Cost of the Diet (CoD) tool: First results from Indonesia

Cost of the Diet (CoD) tool: First results from Indonesia and applications for policy discussion on food and nutrition security

the paper was published on Food and Nutrition Bulletin, vol. 34, no. 2 (supplement) © 2013, The United Nations University.

 

Authors:

Baldi, Giulia; Martini, Elviyanti; Catharina, Maria; Muslimatun, Siti; Fahmida, Umi; Jahari, Abas Basuni; Hardinsyah; Frega, Romeo; Geniez, Perrine; Grede, Nils; Minarto; Bloem, Martin W.; de Pee, Saskia

 

The Minimum Cost of a Nutritious Diet (MCNut) is the cost of a theoretical diet satisfying all nutrient requirements of a family at the lowest possible cost, based on availability, price, and nutrient content of local foods. A comparison with household expenditure shows the proportion of households that would be able to afford a nutritious diet.
Objective. To explore using the Cost of Diet (CoD) tool for policy dialogue on food and nutrition security in Indonesia.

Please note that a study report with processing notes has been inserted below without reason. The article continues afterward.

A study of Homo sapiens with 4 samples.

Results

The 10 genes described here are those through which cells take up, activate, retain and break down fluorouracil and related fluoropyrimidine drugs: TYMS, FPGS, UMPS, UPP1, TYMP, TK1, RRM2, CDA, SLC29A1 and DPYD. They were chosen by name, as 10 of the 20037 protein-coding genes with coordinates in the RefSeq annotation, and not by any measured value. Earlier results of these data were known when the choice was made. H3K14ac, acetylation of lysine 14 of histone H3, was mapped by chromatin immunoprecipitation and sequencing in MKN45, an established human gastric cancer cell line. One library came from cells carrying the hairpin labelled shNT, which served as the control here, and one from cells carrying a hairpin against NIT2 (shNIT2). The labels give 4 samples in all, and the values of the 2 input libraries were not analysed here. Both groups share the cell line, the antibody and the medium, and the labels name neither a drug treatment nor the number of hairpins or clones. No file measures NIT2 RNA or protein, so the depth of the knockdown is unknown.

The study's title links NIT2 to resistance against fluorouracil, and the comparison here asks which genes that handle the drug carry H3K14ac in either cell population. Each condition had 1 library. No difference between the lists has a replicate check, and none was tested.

Methods. From October 2011 to June 2012, market surveys collected data on food commodity availability and pricing in four provinces. Household composition and expenditure data were obtained from secondary data (SUSENAS 2010). Focus group discussions were conducted to better understand food consumption practices. Different types of fortified foods and distribution mechanisms were also modeled.

Results. Stark differences were found among the four areas: in Timor Tengah Selatan, only 25% of households could afford to meet the nutrient requirements, whereas in urban Surabaya, 80% could. The prevalence rates of underweight and stunting among children under 5 years of age in the four areas were inversely correlated with the proportion of households that could afford a nutritious diet. The highest reduction in the cost of the child's diet was achieved by modeling provision of fortified blended food through Social Safety Nets. Rice fortification, subsidized or at commercial price, can greatly improve nutrient affordability for households.


Conclusions. The CoD analysis is a useful entry point for discussions on constraints on achieving adequate nutrition in different areas and on possible ways to improve nutrition, including the use of special foods and different distribution strategies.